Selected LSAT Tutors in New York City, NY
These highly-credentialed LSAT tutors in New York City, NY are uniquely qualified to help you. They have attended institutions including MIT, Stanford, UChicago, Yale, Harvard, UPenn, Notre Dame, Amherst, UC Berkeley, Northwestern, Rice, Columbia, WashU, Emory, Brown, Johns Hopkins, Vanderbilt, UNC, Michigan, UCLA, and other highly ranked institutions.
Emory University - Film Studies
Seton Hall Law School - Law
University Of California, Berkeley - Political Science
Columbia University - International Affairs
Hamilton College - Economics, Government
Columbia Law School - Law
Recent Tutoring Session Reviews
During this session, the student and I looked at her essay that she had done on her most recent practice test. I corrected certain areas, gave her tips, and discussed some sample essays with her. I also stressed the importance of a quick outline and brought the most recent scoring rubric in order to very clearly show her what her goals should be for the essay section. Then we did a bit of work with math - which went well for her - and finished out the session by working with her vocabulary flash cards.
Today the student and I covered fraction, decimal, percent conversions, perimeter and area, and basic word problem solving strategies. We spent the last 15 minutes covering the format of the test, and test taking strategies.
Mandarin - walked the student through the process of writing characters and recognizing pinyin for basic greetings. This will be the focus of the upcoming week with the intent of enabling the student to introduce herself and ask questions in Mandarin during the first week of class.
We continued working on "ser"/"estar". We worked on her homework (about this very same subject) and browsed a magazine I brought for the student. I wanted to add something new and as we were doing some practice with "ser"/"estar", I introduced the names of the colors to describe the people on the magazine. We worked also on some adjectives associated with "ser"/"estar": sad, happy, furious, disappointed, etc.
This week we worked on a persuasive essay as well as math using improper fractions and rational numbers. She is improving in organizing and expanding her essays and needs less guidance in developing thesis statements. She seems to understand her math concepts for the most part, but sometimes makes simple mistakes. I would recommend a more careful organization of her scratch work while working problems.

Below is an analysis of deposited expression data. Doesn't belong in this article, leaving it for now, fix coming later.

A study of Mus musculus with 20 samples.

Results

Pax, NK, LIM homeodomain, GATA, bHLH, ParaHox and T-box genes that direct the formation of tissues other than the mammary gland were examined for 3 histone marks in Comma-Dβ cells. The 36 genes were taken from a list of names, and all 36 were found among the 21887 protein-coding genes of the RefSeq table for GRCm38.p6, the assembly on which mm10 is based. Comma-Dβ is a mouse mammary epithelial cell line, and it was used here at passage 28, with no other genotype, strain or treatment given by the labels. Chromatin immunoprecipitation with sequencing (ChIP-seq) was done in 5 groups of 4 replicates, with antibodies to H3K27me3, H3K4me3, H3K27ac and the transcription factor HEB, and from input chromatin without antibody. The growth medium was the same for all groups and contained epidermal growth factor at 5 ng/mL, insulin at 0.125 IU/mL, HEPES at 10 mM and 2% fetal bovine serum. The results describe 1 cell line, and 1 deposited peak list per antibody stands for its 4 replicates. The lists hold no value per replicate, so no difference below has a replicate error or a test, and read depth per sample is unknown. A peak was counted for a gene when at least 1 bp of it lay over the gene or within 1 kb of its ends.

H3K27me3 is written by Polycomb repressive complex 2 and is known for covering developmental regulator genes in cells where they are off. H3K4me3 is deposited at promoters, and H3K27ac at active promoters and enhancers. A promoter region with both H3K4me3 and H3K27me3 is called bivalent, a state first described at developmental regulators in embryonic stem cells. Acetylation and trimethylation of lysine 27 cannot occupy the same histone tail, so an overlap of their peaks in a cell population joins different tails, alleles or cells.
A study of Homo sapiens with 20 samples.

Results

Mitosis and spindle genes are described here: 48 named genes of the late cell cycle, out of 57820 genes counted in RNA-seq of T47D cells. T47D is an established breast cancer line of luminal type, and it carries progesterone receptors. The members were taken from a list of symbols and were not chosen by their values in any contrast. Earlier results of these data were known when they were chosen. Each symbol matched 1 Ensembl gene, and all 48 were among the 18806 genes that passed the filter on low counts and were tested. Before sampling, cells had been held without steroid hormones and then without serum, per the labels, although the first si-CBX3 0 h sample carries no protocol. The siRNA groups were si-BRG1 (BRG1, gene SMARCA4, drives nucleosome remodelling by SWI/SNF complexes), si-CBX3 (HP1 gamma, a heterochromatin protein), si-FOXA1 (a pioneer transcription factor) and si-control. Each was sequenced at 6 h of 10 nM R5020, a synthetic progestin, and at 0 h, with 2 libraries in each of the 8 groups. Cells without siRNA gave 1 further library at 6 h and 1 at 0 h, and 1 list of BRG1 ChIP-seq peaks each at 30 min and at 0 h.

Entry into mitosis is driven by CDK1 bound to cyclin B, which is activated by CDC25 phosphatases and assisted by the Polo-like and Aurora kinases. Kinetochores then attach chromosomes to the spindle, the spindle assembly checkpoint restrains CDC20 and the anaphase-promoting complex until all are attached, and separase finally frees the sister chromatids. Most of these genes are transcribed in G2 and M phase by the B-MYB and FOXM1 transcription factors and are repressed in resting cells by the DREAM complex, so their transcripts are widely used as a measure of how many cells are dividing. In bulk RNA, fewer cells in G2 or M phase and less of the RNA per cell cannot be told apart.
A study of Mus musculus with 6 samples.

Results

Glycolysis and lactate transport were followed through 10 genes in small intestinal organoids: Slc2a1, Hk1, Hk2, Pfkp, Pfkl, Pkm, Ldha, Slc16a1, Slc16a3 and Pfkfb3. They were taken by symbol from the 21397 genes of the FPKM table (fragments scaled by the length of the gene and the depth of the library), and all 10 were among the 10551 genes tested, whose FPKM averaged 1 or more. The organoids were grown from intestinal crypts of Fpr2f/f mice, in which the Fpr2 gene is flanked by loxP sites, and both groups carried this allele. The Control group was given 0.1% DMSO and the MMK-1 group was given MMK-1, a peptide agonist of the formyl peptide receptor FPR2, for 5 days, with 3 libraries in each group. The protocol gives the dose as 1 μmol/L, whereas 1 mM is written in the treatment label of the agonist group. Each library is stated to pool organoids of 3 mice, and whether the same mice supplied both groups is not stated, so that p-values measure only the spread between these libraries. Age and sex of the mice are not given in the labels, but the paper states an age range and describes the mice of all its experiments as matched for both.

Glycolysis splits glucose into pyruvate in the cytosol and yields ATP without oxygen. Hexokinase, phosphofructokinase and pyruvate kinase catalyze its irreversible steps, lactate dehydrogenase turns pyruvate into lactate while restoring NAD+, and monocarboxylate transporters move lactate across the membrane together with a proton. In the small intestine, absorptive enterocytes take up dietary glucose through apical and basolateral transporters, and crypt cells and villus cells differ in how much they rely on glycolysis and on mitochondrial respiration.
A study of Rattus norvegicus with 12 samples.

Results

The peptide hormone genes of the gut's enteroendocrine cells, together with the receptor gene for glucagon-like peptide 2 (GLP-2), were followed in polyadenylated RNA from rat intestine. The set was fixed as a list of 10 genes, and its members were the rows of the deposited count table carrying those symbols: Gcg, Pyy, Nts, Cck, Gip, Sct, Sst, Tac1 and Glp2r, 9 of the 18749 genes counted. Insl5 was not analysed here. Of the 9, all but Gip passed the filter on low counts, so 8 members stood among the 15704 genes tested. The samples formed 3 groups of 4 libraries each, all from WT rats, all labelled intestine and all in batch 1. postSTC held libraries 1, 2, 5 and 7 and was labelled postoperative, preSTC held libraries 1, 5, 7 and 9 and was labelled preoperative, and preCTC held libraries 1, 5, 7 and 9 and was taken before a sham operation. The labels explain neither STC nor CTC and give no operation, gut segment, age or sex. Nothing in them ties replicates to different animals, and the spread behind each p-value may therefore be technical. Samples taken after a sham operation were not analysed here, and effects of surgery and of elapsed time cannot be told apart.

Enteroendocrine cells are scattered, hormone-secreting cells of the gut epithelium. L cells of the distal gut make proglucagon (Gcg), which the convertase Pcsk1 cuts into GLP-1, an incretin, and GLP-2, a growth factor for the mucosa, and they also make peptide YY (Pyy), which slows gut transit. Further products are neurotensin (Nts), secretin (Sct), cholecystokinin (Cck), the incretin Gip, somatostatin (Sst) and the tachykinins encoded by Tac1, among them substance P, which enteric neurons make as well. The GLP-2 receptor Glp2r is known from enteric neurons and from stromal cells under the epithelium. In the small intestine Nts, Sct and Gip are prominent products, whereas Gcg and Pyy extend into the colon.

Today we practiced counting in both English and French. The student was easily able to count to 29 in French without prompting, and with help he was able to get to 49. We also reviewed colors, and he is back to his old proficiency in this area. We went over cold weather vocabulary, and I taught him some new words for winter clothing: coat/le manteau, sweater/le pull, scarf/l'echarpe, and gloves/les gants.
We reviewed his math coursework on substitution and elimination for solving systems of equations. We also spent time working with more word problems and specifically on using estimation techniques to perform mental math and improve his sense of a realistic answer to a given problem as well as his speed and agility with processing numbers.
The student and I covered a logic games section. She showed improvement at working on deductions. I then had the student practice a section of logical reasoning. We went over the wrong answers and discussed ways to improve her timing.
This session the student and I worked on some of the logic games that she was having trouble with in her class, and then some of the extra games that she was given to try on her own. We are basically working with all of the different types of games now, just making sure that she knows how to attack each one. We haven't gotten into too much sequencing yet, but the last game we worked on had sequencing elements to it. I told Dianna that for next time we would do some sequencing exercises so that she can start to get used to diagramming these types of games and solving them based on rather elaborate diagrams.
Today we worked on two more arguments sections then worked on some 1D and 2D sequencing games. The student is getting better. We need to use the four sessions before Labor Day weekend to shore up those weaknesses as much as possible and cover the rest of the argument types.
As a warm-up, had the student translate various words, phrases and sentences from Spanish to English as a review of all we have learned in the last four sessions. She then needed to recall the parts of the face by filling in the correct vocabulary words to the corresponding parts of the face on the worksheet. Taught new vocabulary for parts of the body with a worksheet. She practiced the new vocabulary by matching the words to the parts of the body on a handout. Practiced conversation for "what did you do today?" and "what you are doing today?" Also, went over Introduction and biography questions and answers through conversation focusing on the informal and formal ways to address to address "you." Student has shown significant progress from first session until now. It is apparent during sessions that she has reviewed material before meeting with tutor.
We started the session by talking about the importance of test scores and of gradual preparation. The discussion seemed to resonate with him, and I look forward to his increased diligence. We spent most of the session previewing calculus, covering basic differentiation as well as the product, quotient and chain rules.